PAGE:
November 16 2016
We've all heard of stress-eating or comfort food. Here's how stress might be holding you back from your weight loss goals.
When it comes to our weight, most women have heard, thought or used the dreaded phrase, “the last 10 pounds.” It usually refers to some arbitrary amount of weight that is keeping a woman from what she considers her ideal weight. And while some women may truly have a certain amount of weight to lose for medical or health reasons, many run because they are plagued by those “last ten pounds” that they think would finally make them happy.
Truthfully, weight loss might bring temporary gratification, but it’s a slippery slope into feeling like you need to lose just five more pounds…or one more inch off your waist…or to fit into the next size down in your jeans.
The point is, running strictly for weight loss can be a never-ending, miserable experience, and running just because you think it might make you a certain size will suck the pleasure right out of it and eventually lead you to give up altogether. So while there’s certainly no shame in using running as a tool to reach or maintain a healthy weight, there are many more goals you can set that will bring you long-term satisfaction and real happiness.
Here are 10 goals that are more fulfilling than the last 10 pounds:
Instead of running to become a certain size, try shifting your focus to changing your body in a different, more positive way. Running can strengthen and tone you in ways other exercise can’t (any first-time runner will tell you they felt muscles they never knew they had). Making strength your goal will expand your workouts by incorporating hills and sprints and will make you feel incredibly proud of what your body can do.
Most runners probably have a secret goal they dream of reaching one day. Maybe it’s running Boston, or a 50K, or a race in every state, or even trying a triathlon. Big goals like that can seem out of reach, and it’s easy to put them aside to focus on the same old local 10K every month that you know you can accomplish. But saying your dream goal out loud and making a plan to get there will add new fuel to your work outs and bring a different level of passion to your running. And when you eventually cross that dream finish line—and you will—how many pounds you lost along the way will be the last thing on your mind.
When you first start running, you may find yourself having to alternate intervals of jogging and walking while you build up endurance. Setting the goal to run a full mile without stopping is so important for newbies; it will push you over the hump of wanting to give up early on, and the feeling of accomplishing this feat is one you’ll remember long into your running career.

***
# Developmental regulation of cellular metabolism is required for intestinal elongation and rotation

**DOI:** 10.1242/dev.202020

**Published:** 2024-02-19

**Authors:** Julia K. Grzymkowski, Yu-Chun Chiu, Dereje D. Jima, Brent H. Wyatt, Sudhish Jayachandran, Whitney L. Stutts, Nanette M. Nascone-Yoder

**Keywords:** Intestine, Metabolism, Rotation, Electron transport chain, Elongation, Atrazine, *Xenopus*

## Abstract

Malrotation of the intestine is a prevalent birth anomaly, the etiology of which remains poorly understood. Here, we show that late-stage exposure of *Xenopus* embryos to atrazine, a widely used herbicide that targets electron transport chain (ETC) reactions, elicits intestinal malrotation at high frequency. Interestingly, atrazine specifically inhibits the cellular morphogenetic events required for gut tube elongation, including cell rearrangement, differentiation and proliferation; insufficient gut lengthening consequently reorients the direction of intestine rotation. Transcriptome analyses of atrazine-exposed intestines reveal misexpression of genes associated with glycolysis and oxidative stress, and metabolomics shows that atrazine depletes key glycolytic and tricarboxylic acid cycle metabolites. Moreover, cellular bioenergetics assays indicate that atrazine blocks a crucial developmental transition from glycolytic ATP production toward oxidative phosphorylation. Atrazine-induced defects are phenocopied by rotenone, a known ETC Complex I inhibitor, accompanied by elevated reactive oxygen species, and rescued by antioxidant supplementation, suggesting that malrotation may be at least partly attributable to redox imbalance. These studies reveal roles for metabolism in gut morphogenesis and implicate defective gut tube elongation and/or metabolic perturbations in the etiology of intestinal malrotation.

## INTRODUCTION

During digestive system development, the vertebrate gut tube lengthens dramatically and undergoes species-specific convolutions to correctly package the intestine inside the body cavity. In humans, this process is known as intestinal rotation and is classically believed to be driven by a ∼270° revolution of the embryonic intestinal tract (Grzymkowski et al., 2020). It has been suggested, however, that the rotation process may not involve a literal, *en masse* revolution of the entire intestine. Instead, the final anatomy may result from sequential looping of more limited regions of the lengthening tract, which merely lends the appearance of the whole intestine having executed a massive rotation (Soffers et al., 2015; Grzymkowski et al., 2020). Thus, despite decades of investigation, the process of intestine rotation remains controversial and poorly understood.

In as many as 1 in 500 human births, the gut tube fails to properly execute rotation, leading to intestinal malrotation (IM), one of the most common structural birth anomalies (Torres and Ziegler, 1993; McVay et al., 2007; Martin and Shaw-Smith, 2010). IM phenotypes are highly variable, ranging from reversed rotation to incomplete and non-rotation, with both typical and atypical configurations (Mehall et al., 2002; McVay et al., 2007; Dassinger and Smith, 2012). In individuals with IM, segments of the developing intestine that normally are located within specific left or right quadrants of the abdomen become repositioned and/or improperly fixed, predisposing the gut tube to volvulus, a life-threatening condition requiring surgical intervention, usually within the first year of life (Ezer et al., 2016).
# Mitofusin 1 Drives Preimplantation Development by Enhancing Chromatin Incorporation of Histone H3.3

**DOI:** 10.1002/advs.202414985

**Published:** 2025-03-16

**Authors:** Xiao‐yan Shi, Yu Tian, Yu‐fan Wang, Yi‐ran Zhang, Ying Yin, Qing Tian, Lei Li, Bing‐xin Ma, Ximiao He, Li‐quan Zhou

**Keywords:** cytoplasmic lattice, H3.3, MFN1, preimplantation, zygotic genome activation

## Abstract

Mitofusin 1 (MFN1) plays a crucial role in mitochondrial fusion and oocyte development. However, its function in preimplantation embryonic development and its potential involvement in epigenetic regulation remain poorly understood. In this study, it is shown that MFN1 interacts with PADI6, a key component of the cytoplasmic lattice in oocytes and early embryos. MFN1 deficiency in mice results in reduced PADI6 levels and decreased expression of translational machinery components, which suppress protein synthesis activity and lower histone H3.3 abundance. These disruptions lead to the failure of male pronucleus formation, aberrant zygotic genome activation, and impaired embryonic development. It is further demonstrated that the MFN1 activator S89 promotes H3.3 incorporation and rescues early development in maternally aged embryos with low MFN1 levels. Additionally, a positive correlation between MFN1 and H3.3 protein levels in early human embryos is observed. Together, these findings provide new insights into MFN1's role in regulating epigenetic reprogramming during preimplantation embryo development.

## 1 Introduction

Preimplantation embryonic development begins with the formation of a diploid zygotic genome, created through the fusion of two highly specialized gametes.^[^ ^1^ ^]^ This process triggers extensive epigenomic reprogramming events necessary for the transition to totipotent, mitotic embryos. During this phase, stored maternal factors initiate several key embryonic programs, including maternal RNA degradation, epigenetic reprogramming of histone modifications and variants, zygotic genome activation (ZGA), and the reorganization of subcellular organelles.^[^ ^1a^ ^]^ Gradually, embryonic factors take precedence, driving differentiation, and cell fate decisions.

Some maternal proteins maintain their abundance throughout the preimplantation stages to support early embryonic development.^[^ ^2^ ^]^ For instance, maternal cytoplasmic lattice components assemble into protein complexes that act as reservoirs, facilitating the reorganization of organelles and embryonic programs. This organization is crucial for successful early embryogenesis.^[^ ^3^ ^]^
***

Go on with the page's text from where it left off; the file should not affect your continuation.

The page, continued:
Sometimes running can become so engrained in our daily routines, we work out on autopilot just to check it off the to-do list. Learning to set aside one run per week to ditch whatever mileage or training plan you had scheduled for that day and just run wherever, as far or fast (or slow) as you want is a great way to center yourself and reconnect to running.
If you’ve run races before but never tried one benefitting a charity before, this is an all-around fantastic goal to set for yourself. Not only will you reap the physical benefits of training, you’ll help to raise money for a worthy cause you care about, which will make you feel pretty amazing on the inside, too.
Setting a goal to break your personal record is a fantastic way to stay motivated during training. Even more important, it will keep your mental game sharp, which can sometimes be the hardest part of running; having a specific number in your head will give you something to focus on during the more difficult workouts.
In our crazy-busy lives, it can be hard to make running a regular priority. Sometimes running happens five days a week, while other times workouts fall by the wayside and happen sporadically at best. Try committing to a month of regular running; maybe that means three miles a day Monday-Friday, or maybe you challenge yourself to running any distance you want as long as you do it every single day that month. Whatever you choose, the experiment will likely become routine and make running a permanently regular part of your life.
Once people know you’re a runner, it’s likely that non-runners will sometimes ask you for tips on getting started. While you can certainly pass along some training advice, offering to go for a run with a beginner can be extremely rewarding. It’s fun to go back to the basics and reflect on how far you’ve come, and passing along your passion for running during an easy couple miles with a new runner will feel way better than doing them by yourself.
Even if you prefer to run alone, it’s worth finding a fellow runner to work out with at least once. Not only can it be a pleasant change to have someone to chat and pass the time with, but you can learn a lot from another runner—a different way to pace yourself, a new trail, or even just a great website for discount running apparel.
It may seem obvious, but whether it’s your first or your fiftieth, having a race on your schedule is always a solid goal to have. Nothing will keep you as motivated or accountable, and there’s nothing quite like the thrill of finishing a race and knowing your weeks or months of training were totally worth it.